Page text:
Multi-Site Shopping Carts and the Supply Chain

Multi-site shopping carts allow product retailers to create multiple web sites for multiple customer segments using one database and one code base. Once the first web site is built, and the product master records are inserted into the database, creating additional e-commerce web sites is a snap.

The ability to easily and efficiently create multiple web sites from a single database and a single code base is a boon for product retailers. Product retailers can now easily create additional web sites catering to new customer segments, offering content and services specific to the segment, removing extraneous information that is of little or no value to the segment.

(please read the featured article Micro-Retailing and Multi-Site Shopping Carts for more detail about multi-site retailing and customer segmentation)

Maintaining multiple web sites, however, can have an impact on the supply chain. For instance, many shopping carts are integrated with a back end inventory / warehousing system. As customer orders are approved the orders flow to the back end system(s). For a company that operates multiple shopping carts this can spell trouble. If a company operates three shopping carts, and each shopping cart possesses its own database and its own code base, then there are three integration points to the back end system(s). That's three integration points to maintain, fix, and upgrade.

A better scenario is three shopping carts and one integration point. If the shopping carts leverage the same database and the same code base, then the back end system(s) all integrate with the shared code base (or with the shared database). Bug fixes, maintenance, and upgrade costs are cut by two-thirds. The system is easier to operate, bug fixes and upgrades happen faster, and there are fewer points of failure.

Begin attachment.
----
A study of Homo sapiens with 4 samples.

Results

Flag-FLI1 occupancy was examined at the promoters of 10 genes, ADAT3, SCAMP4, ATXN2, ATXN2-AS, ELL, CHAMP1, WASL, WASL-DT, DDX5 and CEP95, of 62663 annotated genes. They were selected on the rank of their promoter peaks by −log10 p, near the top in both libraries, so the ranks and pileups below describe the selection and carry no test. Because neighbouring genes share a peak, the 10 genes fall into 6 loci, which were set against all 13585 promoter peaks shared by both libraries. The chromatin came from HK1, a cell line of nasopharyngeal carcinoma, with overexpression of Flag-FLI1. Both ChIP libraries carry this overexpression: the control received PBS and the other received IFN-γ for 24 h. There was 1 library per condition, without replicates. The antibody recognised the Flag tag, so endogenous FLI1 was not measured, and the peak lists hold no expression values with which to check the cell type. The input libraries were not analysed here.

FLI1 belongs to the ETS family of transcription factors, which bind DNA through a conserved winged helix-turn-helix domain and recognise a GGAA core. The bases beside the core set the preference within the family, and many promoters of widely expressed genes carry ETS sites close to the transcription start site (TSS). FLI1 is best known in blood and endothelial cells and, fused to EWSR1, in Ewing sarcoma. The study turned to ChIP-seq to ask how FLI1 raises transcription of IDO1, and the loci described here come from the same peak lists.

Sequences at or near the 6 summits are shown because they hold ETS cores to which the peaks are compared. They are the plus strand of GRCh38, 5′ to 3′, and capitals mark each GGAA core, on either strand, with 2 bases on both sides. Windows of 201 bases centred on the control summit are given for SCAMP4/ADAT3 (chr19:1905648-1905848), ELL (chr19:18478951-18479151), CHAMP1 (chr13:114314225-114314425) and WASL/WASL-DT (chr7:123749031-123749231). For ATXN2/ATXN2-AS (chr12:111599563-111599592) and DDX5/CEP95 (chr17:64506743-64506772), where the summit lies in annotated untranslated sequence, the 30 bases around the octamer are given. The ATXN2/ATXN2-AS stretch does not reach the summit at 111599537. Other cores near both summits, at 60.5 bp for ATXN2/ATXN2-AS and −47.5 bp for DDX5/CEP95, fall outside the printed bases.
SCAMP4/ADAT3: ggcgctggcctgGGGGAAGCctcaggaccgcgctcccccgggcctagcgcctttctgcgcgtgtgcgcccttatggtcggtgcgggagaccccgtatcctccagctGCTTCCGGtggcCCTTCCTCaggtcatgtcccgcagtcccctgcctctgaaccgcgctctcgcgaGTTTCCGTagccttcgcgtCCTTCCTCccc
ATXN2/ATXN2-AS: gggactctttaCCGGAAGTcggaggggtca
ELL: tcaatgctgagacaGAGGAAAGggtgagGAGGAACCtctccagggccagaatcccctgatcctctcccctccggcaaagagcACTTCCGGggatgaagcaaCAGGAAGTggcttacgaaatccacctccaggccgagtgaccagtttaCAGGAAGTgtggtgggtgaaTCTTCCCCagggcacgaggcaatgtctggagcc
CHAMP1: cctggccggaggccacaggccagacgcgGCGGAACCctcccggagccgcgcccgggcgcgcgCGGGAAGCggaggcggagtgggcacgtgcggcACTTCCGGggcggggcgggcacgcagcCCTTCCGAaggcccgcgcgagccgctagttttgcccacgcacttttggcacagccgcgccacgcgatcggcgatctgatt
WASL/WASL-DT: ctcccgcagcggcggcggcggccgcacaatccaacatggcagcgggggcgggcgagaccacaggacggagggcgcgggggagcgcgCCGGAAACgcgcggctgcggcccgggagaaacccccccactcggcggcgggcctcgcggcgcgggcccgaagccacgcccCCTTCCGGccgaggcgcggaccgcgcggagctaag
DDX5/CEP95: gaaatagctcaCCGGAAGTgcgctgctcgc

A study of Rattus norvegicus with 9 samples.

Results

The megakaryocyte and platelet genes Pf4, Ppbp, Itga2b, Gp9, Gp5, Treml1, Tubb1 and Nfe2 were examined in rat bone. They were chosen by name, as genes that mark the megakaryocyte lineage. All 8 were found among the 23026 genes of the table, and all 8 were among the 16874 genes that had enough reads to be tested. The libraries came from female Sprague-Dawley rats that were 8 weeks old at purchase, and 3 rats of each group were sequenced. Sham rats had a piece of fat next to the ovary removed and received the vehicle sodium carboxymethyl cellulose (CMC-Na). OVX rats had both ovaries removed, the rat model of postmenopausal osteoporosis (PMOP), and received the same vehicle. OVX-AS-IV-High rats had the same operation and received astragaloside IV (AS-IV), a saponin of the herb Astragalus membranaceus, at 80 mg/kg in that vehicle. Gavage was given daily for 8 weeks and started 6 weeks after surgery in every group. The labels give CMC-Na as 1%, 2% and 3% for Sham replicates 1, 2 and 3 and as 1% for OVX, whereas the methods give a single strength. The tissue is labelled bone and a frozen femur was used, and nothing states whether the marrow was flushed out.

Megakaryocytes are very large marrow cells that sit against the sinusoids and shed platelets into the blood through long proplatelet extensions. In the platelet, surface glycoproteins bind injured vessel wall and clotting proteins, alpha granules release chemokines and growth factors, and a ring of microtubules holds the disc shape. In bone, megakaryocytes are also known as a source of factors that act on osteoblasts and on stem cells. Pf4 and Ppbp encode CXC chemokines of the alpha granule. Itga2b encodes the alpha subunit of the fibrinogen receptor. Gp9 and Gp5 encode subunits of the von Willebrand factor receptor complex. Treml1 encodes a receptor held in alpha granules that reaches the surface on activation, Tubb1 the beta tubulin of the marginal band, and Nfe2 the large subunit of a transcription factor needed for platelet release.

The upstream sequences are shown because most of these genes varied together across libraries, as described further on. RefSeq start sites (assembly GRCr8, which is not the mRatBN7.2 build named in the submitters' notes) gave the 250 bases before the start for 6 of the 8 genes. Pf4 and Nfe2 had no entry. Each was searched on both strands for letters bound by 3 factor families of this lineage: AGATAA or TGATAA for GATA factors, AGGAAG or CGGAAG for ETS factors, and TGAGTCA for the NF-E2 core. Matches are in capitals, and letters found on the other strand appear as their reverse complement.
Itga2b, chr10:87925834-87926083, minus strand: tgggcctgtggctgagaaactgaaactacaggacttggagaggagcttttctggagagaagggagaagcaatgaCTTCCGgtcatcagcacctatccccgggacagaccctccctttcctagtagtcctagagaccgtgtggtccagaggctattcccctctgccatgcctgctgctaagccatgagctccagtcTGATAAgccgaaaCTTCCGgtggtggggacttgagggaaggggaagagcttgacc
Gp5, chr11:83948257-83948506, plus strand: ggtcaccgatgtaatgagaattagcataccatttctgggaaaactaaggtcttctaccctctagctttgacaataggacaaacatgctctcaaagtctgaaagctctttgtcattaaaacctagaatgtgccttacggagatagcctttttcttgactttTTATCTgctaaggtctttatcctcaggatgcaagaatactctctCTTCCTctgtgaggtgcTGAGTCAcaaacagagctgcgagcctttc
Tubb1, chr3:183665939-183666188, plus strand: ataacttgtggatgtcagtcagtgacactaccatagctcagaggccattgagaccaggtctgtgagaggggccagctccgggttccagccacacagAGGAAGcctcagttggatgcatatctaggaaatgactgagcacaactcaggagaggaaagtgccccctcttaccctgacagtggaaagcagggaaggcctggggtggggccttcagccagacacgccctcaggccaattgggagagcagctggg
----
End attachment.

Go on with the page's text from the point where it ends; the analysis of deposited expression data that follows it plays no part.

The NextLevelShopper Multi-Site Shopping Cart supports an unlimited number of web sites using a single code base and a single database. This means that product retailers can cheaply and efficiently add web sites with just marginal increases in web site administration costs. New web sites share the business data already created for the first web site, so data administration costs are kept to a minimum. Also, new web sites share the same code base, so system administration costs are kept to a minimum. Finally, because all web sites share the same database and code base, there is only one point of integration with the back end system(s).

The NextLevelShopper Multi-Site Shopping Cart retains the simplicity of single point integration, but allows retailers to create and maintain a (theoretically) unlimited number of shopping carts. The supply chain is therefore not further complicated, and for many companies, simplified.

If you'd like to learn more about how micro-sites, micro-retailing, and multi-site retailing can help your business, we would love to hear from you. Please fill out this contact form and the owner and lead developer of NextLevelObjects will contact you ASAP.